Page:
Kurt Busch has had his eye on competing in the Indianapolis 500 for some three years, and his desire was heightened after testing at Indianapolis in 2013. Until recently, he thought the interest of others had tapered off but once again, there seems to be a renewed interest and he projects a 70 per cent possibility at this time.
For Busch to race at Indianapolis, a lot of pieces have to come together, including availability of a car, sponsorship, scheduling around the same-day Coca-Cola 600 at Charlotte, qualification and practice requirements, approvals from IndyCar and NASCAR officials and on and on. Even though the challenges seem staggering, Busch is not deterred.
“I am serious about doing the double, and there are a lot of green lights on different hurdles to be overcome, and it continues to grab traction,” Busch said while at the Charlotte Motor Speedway on Tuesday. “I am excited about it, and I have to look at it as a dream come true or is it a business opportunity. When you are talking with guys like (Michael) Andretti, you want to push aside the business side for the love of the sport.”
Knowing the physical demands it will take on his body, Busch added, “If I commit to this and the sooner the better, that same day I am going to hire a trainer to get me ready for doing the two races in the same day.”
Busch had intended to race in the IndyCar finale at the Auto Club Speedway in Fontana, but it didn’t happen, although he watched it closely. “To me the way that race unfolded, the slow and steady (driver) rode his way to win the race. Will that happen at Indy? I don’t think so. I was really intrigued with what I saw during my test in May and what I saw in October”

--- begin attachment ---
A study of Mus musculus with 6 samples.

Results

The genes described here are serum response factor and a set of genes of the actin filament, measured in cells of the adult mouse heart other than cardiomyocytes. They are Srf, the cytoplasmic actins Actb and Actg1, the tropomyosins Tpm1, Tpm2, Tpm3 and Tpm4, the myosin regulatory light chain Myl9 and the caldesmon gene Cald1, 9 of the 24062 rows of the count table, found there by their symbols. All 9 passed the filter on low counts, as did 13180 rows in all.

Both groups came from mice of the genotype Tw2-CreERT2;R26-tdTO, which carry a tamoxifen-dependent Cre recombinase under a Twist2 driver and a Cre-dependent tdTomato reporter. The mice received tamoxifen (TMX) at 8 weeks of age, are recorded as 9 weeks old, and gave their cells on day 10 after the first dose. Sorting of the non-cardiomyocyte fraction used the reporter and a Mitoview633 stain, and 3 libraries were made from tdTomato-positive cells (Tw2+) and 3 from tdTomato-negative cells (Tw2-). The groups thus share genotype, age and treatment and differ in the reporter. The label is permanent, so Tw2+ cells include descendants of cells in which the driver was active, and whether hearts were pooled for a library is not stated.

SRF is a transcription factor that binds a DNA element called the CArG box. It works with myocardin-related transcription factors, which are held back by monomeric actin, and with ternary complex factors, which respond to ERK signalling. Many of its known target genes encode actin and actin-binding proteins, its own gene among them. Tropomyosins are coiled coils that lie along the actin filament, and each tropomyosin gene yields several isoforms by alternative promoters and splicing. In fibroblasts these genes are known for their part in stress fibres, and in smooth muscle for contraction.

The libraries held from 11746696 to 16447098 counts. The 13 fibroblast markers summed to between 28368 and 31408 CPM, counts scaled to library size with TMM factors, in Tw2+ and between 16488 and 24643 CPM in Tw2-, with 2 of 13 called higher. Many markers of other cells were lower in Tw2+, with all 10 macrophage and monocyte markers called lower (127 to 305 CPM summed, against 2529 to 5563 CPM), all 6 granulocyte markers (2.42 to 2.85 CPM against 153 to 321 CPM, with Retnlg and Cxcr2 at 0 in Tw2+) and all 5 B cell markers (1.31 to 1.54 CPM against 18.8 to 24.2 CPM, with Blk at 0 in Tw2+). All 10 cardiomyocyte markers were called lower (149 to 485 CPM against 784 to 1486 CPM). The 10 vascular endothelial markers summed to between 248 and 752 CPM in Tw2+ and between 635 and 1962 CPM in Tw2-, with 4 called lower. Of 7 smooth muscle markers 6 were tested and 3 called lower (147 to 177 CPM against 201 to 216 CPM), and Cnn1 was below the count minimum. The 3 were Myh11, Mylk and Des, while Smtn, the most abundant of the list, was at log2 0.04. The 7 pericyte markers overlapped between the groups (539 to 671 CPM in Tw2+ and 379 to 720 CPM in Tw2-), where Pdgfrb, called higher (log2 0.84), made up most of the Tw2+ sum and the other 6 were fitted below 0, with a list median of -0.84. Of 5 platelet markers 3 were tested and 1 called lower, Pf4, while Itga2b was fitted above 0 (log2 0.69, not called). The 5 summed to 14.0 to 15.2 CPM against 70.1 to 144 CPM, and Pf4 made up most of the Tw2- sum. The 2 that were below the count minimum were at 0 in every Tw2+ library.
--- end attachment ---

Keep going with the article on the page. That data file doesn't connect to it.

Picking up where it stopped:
The former Sprint Cup champion said he didn’t know what to expect the first time out in an IndyCar, but he readily adapted. “I was white-knuckled for three quarters of the test but once I settled in and held in wide open and after a full stint of fuel, the comfort level was starting to settle in. When Michael (Andretti) started to make changes to give me more speed, I suggested we stop while we were ahead.”
As for running laps wide open, Busch said he had to talk to himself for an extended period for it to happen. “It was a long conversation within a few seconds where I kept asking myself if I was ready,” he said while sporting a big grin. “Holding it wide open for four corners in a row is an experience I will never forget. It was an experience of a lifetime.”
Busch grooves on challenges and new experiences, and even though there are many hurdles to address, he says he’s ready. And his presence may well give a shot in the arm to IndyCar and to NASCAR.